Ebola is over, said the World Health Organization on 14 January 2016. The vast spreading disease seemed contained after Libera was officially declared Ebola-free this Thursday. With Sierra Leone declared free of Ebola transmission on 7 November 2015 and Guinea on 29 December, the epidemic seemed to have been stopped completely. Just hours after the WHO announcement, a new case in Sierra Leone was reported. 

The Ebola epidemic claimed the lives of more than 11,300 people and infected over 28,500 in West-Africa. It devastated families, communities and economic systems in whole countries, including Liberia, Sierra Leone and Guinea.

Expecting new cases

More flare-ups were already expected, the WHO said in the statement. Strong surveillance and quick responses will still be essential in the coming months.

"Detecting and breaking every chain of transmission has been a monumental achievement," said Dr Margaret Chan, WHO Director-General in the WHO statement. "So much was needed and so much was accomplished by national authorities, heroic health workers, civil society, local and international organizations and generous partners. But our work is not done and vigilance is necessary to prevent new outbreaks." Sadly, a new case in Sierra Leone would be reported that same day. WHO cautions that all of the 3 countries, Sierra Leone, Guinea, and Liberia, remain at high risk of additional small outbreaks.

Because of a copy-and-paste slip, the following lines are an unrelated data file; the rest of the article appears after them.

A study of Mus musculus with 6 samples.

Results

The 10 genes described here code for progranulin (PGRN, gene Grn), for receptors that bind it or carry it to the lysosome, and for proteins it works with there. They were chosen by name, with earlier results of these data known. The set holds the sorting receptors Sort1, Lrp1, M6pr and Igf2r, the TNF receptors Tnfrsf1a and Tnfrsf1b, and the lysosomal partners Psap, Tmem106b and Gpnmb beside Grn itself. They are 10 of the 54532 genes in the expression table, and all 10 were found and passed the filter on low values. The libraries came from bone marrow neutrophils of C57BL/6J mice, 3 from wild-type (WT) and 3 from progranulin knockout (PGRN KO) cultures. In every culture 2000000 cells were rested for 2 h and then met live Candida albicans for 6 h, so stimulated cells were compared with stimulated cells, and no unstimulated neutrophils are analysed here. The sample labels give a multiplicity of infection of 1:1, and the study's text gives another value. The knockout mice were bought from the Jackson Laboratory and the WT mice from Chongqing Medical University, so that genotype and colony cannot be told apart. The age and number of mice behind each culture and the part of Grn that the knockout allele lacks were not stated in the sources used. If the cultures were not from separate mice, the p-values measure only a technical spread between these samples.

Handwashing & hygiene 

IRC has been following the Ebola outbreak in West-Africa closely from the start and will continue to do so. At the time of the outbreak in Sierra Leone, IRC and partners were supporting the government of Sierra Leone in launching an initiative for learning in the water, sanitation and hygiene sector.

Read the story of Peter Abdulai during the outbreak of the epidemic

Clean drinking water, safe hygiene and sanitation are of great importance. In the case of Ebola, the virus spreads through direct contact or indirectly through contact with materials that have been contaminated with infected bodily fluids, with a case fatality rate of up to 90%. Washing hands with soap and water, keeping a clean environment, use protective gear and education about Ebola are of high importance in fighting the virus.